Roe v. Wade decision.
Samuel Alito's past writings on abortion raise questions about his commitment to the Supreme Court's landmark
Having cleared the Senate Judiciary Committee on Tuesday, Samuel Alito is one step closer to a seat on the Supreme Court and an important role on the issue of abortion.
Judiciary Committee Democrats aggressively questioned Alito on his commitment to abortion rights throughout his Senate confirmation hearings. Alito vowed to approach the issue with an open mind. But he did not call Roe "settled law" and did not say whether he would uphold the precedent. Alito's views on abortion were also addressed by outside witnesses testifying before the panel.
Among thousands of pages about Samuel Alito's past released before his confirmation hearings, a handful shed light on his abortion views:
During his confirmation hearings the week of Jan. 9, Alito said repeatedly that Roe v. Wade, the 1973 Supreme Court decision that legalized abortion, warranted respect. But he declined to call it "settled law." Alito is nominated to succeed Justice Sandra Day O'Connor, who over the past decade has held a key vote in favor of Roe.
Feminist author Danielle Crittenden believes Alito's confirmation could be the best thing to happen to the abortion debate in years.
Abortion rights advocate Kate Michelman says Alito is out of touch with the realities of women's abortion decisions.
Hear National Women's Law Center co-president Marcia Greenberger on how Alito's decisions could impact women's workplace rights.
Hear Jay Sekulow, the American Center for Law and Justice's chief counsel, on how Alito's confirmation could be a "grand slam" for conservatives.
The appeals court judge won the support of all 10 Republicans on the committee and the dissent of all eight Democrats. Debate in the full Senate is expected to be vigorous and the vote divided, but Alito is widely expected to be confirmed to the high court by Jan. 27.
Alito's Record on Abortion
The speculation over how Justice Alito might treat abortion cases stems from several opinions he wrote in the 1980s. The first, a 1985 memo he produced while working as a Justice Department lawyer, discusses whether the government should take a position on an abortion rights case pending before the court. In his memo, Alito wrote that the government "should make clear that we disagree with Roe v. Wade," the pivotal 1973 Supreme Court decision that legalized abortion.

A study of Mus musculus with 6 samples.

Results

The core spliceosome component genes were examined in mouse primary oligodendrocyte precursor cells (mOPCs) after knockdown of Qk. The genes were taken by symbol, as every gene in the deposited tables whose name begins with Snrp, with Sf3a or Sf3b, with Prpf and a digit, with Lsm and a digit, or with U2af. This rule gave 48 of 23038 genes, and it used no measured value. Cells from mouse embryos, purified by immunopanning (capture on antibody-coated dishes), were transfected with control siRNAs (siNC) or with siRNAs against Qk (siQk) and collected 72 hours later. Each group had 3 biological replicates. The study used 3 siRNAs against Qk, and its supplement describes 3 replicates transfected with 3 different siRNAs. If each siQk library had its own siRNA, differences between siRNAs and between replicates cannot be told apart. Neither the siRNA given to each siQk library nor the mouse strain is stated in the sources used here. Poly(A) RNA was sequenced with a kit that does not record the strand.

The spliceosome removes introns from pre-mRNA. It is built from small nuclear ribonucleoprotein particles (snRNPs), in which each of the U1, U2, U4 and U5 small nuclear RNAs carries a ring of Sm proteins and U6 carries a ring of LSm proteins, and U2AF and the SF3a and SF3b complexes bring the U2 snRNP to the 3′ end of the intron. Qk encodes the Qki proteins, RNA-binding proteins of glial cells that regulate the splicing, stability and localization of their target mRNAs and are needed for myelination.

He made other controversial comments in a "personal qualifications statement" written while applying for a job at the Justice Department. In it, Alito said that he was "particularly proud of my contributions in recent cases in which the government has argued in the Supreme Court... that the Constitution does not protect a right to abortion."
Abortion rights advocates see this wording as evidence that Alito would seek to reduce Roe's range. His supporters, however, say the documents simply reflect a career lawyer representing his client — the anti-abortion Reagan administration.
Track Record Favors Abortion Restrictions
As a federal appeals court judge in 1991, Alito offered his most detailed opinion about abortion in Planned Parenthood of Southeastern Pennsylvania v. Casey. In his dissent, he wrote that women should be required to notify their husbands before having an abortion. But in 1992, the Supreme Court took up the case, reaffirming a constitutional right to abortion and striking down the very restriction Alito had advocated.
Nancy Northup, president of the pro-choice Center for Reproductive Rights, notes that Alito arrived at his opinion in the case despite lengthy testimony that pregnant women in troubled marriages could be put at risk if they were forced to notify their husbands before an abortion. "Judge Alito disregarded that factual evidence and found that this law should stand," Northup said.
Abortion opponents like Kathy Cleaver-Ruse, a senior fellow for legal studies at the Family Research Council, believe Alito might support further limits on abortion. "There may be other cases that would further modify Roe v. Wade, and Judge Alito, from all we can understand, would be certainly open to hearing logical arguments about why Roe v. Wade might be further modified," she said.
A Respect for Precedent
But Alito's record on abortion cases is not one-sided. As an appeals court judge in 2000, he helped overturn a New Jersey ban on what opponents call "partial-birth abortions," a surgical procedure of extracting a fetus from the womb between the fifth and ninth months of pregnancy. While not a commonly used method, "partial-birth abortions" have been the focus of much anti-abortion activism and legislation. Alito voted to overturn the ban based on the fact that the Supreme Court had struck down a similar law in Nebraska just weeks before. Alito's deference to the Supreme Court's precedence is notable, said Kathy Cleaver-Ruse. "In this case, we have Judge Alito showing more restraint than the majority judges, by saying 'Look, we need to follow Supreme Court precedent,'" she said. "It's not proper for us to go off on our own, write our own opinion about the law."
Impact on Future Decisions
If confirmed by the full Senate, Alito likely will face abortion cases soon. For example, a federal ban on "partial-birth abortions," passed in 2003 by Congress and approved by President Bush, has been invalidated by lower courts. The government has asked the Supreme Court to review the case.
The Supreme Court last struck down a ban on "partial-birth abortions" in the state of Nebraska in 2000. Retiring Justice Sandra Day O'Connor's vote was decisive in that decision. Following her departure, the federal battle over whether a ban will take effect faces a closely divided bench. As a justice on the high court, Alito could likely tip the balance.